Corcoran's brother is lobbyist for marijuana grower opposing dispensary caps
State lawmakers’ effort to put voter-passed medical marijuana into effect in Florida fell apart over a disagreement on whether to cap the number of dispensaries each cannabis grower could open. It’s an issue that could be a boon for one of the state’s largest licensed growers.
Surterra, one of Florida’s largest medical marijuana growers, is banking on opening 55 dispensaries in the next five years as part of a plan to bring in more than $138 million in sales by 2021, according to a confidential pitch deck put together by a potential investor and obtained by the Times/Herald.
But state senators in the final weeks of session were pushing to limit the number of storefronts each grower could open, finally settling at 15 apiece on the last day of session. The House, meanwhile, negotiated for no caps at all, or a cap of 100 in its final bill. The existing licensed growers — including Surterra — opposed caps, as well.
To push its agenda in Tallahassee, Surterra hired three lobbying firms this year. One of their lead lobbyists is Michael Corcoran, brother to House Speaker Richard Corcoran, R-Land O’Lakes.
This naturally raises questions. A company represented by Michael Corcoran stood to gain if there were no meaningful cap on dispensaries. And the House position on caps was advocated in part by Richard Corcoran.
Corcoran says he was never once lobbied by his brother on the marijuana bill.
Asked if he ever had a conversation with his brother about the caps, Corcoran was blunt: “No. Nope.”
“Why don’t you write about how Richard killed the gaming bill and his brother has a gaming client? Why don’t you write about how Richard took it to the hospitals and his brother has a hospital client?” Corcoran added. “I don’t care who lobbies me. I’m going to always do the right thing and damn the consequences.”
The people he says he talked to about medical marijuana include Tallahassee lobbyists representing growers other than Surterra, as well as John Morgan, the Orlando trial lawyer who bankrolled the campaign on Amendment 2.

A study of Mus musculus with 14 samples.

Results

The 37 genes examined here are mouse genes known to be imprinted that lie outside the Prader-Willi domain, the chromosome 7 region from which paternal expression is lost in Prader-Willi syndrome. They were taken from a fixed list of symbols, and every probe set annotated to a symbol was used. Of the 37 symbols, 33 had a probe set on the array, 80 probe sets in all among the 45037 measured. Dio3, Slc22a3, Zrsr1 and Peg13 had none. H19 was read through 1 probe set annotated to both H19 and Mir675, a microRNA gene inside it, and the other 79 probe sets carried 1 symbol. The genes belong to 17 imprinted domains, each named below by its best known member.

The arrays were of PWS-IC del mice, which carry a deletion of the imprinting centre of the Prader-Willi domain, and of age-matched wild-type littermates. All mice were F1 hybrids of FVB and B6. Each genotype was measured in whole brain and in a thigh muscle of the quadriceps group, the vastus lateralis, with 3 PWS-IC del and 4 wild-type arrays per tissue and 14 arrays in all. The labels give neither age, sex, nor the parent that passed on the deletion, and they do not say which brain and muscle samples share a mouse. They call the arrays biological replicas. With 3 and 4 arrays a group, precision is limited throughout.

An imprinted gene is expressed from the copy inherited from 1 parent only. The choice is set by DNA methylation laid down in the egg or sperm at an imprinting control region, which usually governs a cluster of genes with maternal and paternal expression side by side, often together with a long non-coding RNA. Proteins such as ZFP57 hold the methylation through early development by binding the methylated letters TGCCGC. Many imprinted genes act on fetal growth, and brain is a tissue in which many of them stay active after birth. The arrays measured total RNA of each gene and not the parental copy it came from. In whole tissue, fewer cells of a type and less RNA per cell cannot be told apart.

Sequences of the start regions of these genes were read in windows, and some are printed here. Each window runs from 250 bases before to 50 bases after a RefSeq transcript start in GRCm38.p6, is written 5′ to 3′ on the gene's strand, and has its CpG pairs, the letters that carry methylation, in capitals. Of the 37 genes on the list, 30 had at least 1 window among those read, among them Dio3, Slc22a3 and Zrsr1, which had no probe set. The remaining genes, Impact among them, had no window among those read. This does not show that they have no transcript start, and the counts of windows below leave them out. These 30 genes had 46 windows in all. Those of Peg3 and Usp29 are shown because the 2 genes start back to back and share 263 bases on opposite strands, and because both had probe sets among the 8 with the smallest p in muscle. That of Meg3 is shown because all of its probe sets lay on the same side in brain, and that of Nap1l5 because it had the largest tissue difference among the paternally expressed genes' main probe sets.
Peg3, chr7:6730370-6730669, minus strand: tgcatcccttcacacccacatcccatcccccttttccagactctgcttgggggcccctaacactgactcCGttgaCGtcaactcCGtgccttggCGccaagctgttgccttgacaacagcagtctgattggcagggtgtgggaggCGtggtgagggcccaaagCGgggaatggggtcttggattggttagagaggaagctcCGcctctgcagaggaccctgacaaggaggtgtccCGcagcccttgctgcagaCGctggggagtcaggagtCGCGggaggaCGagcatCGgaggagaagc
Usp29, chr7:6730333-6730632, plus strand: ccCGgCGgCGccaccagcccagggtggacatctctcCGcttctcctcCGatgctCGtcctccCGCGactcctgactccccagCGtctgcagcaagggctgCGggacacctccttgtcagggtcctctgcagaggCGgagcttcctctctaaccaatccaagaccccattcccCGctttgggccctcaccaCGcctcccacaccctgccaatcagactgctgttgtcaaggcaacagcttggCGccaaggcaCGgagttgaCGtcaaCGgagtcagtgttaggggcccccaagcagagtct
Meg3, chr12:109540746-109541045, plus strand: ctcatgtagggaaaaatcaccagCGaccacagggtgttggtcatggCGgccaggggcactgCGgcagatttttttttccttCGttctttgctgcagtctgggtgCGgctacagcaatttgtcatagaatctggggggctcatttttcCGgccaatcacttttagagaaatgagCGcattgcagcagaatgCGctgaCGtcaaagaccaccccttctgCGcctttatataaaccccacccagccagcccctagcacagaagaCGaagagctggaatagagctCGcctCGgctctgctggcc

Michael Corcoran did not respond to calls from the Times/Herald for comment.
He is one of 10 lobbyists from three major firms registered with the state and in a Florida House database to represent Surterra. In addition to his firm, Corcoran and Johnston, Surterra hired Ron Book and The Rubin Group.
It is common for lobbying firms to tell the state that all of their lobbyists are working for all of their clients, which makes it difficult to discern which lobbyists were directly involved with trying to influence which areas of public policy.
For most of the session, Richard Corcoran kept an arms-length distance from the medical marijuana issue, Majority Leader Ray Rodrigues, R-Estero, said. Rodrigues, who was appointed to the leadership role by Corcoran, had weekly conversations with the speaker on the issue until the final days of session, when it appeared that negotiations with the Senate were going downhill.
What’s more, Rodrigues said, he never talked to Michael Corcoran directly about medical marijuana, either.
"Until the final week of session and even the final days of session, the speaker had a hands off approach on the bill for medical marijuana," Rodrigues said.